Church of Ireland Archbishops are encouraging all members to take up the opportunity of Covid-19 vaccination programmes in Northern Ireland and the Republic of Ireland.

In a statement they have said vaccination has been helping protect individuals by preventing and reducing illness and death.

They say the Church of Ireland has advocated following public health advice from trusted sources, including the HSE and Health and Social Care services in Northern Ireland.

They say that in the past, vaccines have made a significant difference in society, and continue to do so. 

"The Covid-19 vaccines are already bringing hope and a possibility of a return to relative normality, and should be made available globally as a priority".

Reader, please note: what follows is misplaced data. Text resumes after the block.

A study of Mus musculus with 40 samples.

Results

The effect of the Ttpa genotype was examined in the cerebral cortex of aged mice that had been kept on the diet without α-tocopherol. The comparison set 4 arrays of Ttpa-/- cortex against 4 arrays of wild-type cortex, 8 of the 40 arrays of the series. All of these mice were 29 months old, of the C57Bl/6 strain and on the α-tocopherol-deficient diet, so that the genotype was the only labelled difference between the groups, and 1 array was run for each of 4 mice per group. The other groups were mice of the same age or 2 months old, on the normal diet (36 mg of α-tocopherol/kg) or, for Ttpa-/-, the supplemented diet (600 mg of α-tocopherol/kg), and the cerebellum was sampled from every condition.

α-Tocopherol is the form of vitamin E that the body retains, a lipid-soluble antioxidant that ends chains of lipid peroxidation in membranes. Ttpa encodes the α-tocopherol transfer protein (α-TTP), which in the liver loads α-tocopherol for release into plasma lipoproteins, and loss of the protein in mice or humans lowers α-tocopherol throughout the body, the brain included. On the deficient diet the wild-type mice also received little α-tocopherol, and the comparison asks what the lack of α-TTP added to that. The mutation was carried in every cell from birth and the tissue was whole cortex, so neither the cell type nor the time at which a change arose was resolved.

In December, Irish Catholic Bishops questioned the use of human foetal cell-lines with origins in abortions, being used in the development and production of some vaccines for Covid-19.

In response, Pfizer said its mRNA vaccine candidate did not contain foetal cell lines.

Foetal cell lines were used to create vaccines for diseases such as hepatitis A, rubella, and rabies.

Most vaccines currently available were developed using cell strains cultured from two foetuses that were aborted for other purposes in the US during the 1960s.

The catholic bishops said in December that it was morally permissible for Catholics to accept vaccines with foetal cell lines, especially if the potential risk to life or health was significant or if a more ethically acceptable alternative was not readily available.

Pfizer said it didn't contain any such cells and is a synthetic pharmaceutical product.